Removal of Overexpressed Protein Could Improve Survival in Aggressive Leukemia

Immature blood cells in leukemia.
Immature blood cells in leukemia [Source: toeytoey2530/Getty Images]

Removal of an overexpressed protein known as IGF2BP3 using CRISPR-Cas9 in mice with aggressive leukemia led to improved survival and at least half the mice becoming disease free, show results from a study led by researchers at the UCLA Jonsson Comprehensive Cancer Center.

Although the work is still at an early stage, the team believes it shows that targeting IGF2BP3 could also be a good strategy for human patients with aggressive leukemia, particularly acute lymphoblastic and myeloid leukemias that are characterized by chromosomal rearrangements in the MLL gene.

Although therapy choices have improved, leukemia patients with rearrangements in the MLL gene (also known as KMT2A) have poor outcomes, a high chance of relapse and often show resistance to new targeted therapies.

The RNA-binding protein IGF2BP3 is overexpressed in patients with this kind of cancer. As described in the journal Leukemia, lead author Dinesh Rao, an associate professor of pathology and laboratory medicine at the David Geffen School of Medicine at UCLA, and colleagues explain that this protein attaches to mRNA encoding proteins needed for leukemia progression and, in so doing, amplifies cancer development.

The team found that IGF2BP3 seems to play a strong role in regulating leukemia development in those with the most commonly seen translocation mutation of MLL in this kind of cancer, known as MLL-AF4.

“This type of leukemia is more aggressive because of its ability to divide and spread faster,” said Rao, in a press statement. “The disease can be very difficult to treat, even with new targeted immunotherapies like CAR T-cell therapy and blinatumomab.”

Rao and team carried out a study in a mouse model of MLL leukemia and in cancer cell lines to assess if using the gene editing tool CRISPR-Cas9 to remove the IGF2BP3 protein could have a beneficial effect on cancer progression.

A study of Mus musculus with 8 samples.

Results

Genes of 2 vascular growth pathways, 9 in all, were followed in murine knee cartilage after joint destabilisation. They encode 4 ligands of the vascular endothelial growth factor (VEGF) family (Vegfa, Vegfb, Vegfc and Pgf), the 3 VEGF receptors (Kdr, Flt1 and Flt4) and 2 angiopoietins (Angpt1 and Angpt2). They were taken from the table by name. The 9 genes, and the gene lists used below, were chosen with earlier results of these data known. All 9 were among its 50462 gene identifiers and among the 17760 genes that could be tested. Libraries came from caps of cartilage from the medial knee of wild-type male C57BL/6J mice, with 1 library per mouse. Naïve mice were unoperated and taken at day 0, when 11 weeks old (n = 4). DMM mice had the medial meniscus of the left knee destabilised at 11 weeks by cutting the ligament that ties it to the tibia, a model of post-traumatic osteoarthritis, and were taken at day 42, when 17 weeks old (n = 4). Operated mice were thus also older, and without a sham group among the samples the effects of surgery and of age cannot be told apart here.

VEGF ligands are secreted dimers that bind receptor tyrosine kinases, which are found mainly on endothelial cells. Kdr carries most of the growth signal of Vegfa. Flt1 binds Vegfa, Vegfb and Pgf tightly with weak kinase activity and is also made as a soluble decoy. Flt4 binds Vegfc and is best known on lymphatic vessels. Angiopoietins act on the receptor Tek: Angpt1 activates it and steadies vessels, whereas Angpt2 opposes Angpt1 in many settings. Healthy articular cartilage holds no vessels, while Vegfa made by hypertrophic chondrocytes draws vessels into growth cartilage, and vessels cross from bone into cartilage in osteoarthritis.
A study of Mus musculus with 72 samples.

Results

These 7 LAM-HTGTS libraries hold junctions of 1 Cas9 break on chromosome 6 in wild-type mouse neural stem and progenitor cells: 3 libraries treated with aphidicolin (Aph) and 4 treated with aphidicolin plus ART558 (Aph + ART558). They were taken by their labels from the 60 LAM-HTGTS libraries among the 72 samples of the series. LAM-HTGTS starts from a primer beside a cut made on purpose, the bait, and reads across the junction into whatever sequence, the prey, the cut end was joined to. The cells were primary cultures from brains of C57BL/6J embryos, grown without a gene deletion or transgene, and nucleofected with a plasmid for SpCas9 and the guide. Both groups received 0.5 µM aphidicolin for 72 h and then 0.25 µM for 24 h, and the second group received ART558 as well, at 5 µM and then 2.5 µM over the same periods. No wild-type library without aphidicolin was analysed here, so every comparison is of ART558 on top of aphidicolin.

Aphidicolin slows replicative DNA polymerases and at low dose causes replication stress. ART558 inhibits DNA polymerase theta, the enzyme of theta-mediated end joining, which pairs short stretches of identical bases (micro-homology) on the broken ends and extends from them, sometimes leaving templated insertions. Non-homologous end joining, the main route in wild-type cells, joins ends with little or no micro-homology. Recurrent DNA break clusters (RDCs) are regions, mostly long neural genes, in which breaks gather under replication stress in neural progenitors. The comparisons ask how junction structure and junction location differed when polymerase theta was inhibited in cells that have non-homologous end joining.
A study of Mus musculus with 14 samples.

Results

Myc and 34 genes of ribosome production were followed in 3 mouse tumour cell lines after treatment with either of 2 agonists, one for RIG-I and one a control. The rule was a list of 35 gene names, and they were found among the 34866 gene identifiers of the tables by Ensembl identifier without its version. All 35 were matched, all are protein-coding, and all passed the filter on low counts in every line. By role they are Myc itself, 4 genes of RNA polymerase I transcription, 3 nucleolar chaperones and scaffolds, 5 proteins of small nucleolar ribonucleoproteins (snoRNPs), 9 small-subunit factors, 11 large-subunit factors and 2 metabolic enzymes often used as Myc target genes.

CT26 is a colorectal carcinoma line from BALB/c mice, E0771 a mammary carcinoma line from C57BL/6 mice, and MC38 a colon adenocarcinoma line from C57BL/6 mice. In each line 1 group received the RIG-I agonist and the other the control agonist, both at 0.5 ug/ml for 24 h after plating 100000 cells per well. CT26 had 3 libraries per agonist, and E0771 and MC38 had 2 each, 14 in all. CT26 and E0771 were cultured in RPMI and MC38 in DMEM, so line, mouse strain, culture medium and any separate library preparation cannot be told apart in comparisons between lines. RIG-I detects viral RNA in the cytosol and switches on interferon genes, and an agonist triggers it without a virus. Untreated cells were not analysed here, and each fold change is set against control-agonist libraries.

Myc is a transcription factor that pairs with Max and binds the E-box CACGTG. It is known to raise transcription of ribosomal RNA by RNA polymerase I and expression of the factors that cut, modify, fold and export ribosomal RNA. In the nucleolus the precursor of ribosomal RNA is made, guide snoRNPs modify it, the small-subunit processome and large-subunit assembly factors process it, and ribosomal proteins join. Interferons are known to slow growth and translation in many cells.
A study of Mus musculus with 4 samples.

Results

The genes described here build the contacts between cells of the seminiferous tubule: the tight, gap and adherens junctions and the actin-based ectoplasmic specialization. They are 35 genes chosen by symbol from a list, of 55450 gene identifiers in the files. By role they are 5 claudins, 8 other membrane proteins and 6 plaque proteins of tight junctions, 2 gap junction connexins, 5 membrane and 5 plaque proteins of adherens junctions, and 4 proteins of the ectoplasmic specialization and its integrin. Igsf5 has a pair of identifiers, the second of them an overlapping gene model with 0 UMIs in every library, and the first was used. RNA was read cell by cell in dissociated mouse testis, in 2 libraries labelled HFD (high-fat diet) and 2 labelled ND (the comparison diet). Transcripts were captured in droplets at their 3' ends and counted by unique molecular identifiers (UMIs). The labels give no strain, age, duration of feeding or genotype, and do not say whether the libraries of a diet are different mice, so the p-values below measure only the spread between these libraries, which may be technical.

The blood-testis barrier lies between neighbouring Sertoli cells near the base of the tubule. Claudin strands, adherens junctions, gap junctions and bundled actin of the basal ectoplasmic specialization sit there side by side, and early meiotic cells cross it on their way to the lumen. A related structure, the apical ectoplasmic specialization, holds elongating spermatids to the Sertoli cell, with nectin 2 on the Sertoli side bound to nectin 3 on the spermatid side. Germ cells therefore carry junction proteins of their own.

They found that 75% of the mice with deleted IGF2BP3 had an increase in overall survival and 50% became leukemia free after the treatment. Tumor-burden in the animals also decreased fourfold.

Notably, the researchers also assessed whether removing this protein had any negative effects on the blood system, but say that even mice with no IGF2BP3 at all seemed to develop normally.

“This was surprising to us because a lot of proteins that are important in cancer are also important in normal tissues,” said Rao. “We have made some real advances in understanding how it works in the cancer cells. We were able to pinpoint some important RNA molecules that it binds to, which encode other cancer-causing proteins. So, if you can remove this protein, you’re able to modify the amount of other cancer-causing proteins.”

While it will be some time before this work could reach the clinic, the researchers plan to continue their work on IGF2BP3 in leukemia and assess if human treatments could be possible. Therapeutic gene editing for other conditions is currently being tested in human trials, but has yet to be approved for any indication.

“These results really highlight IGF2BP3 as an attractive and valuable therapeutic target,” said lead author Tiffany Tran, a graduate student researcher in UCLA’s molecular, cellular and integrative physiology interdepartmental doctoral program. “By targeting this RNA-binding protein, we would be able to target the cancer cells directly and leave the healthy, non-cancerous cells alone.”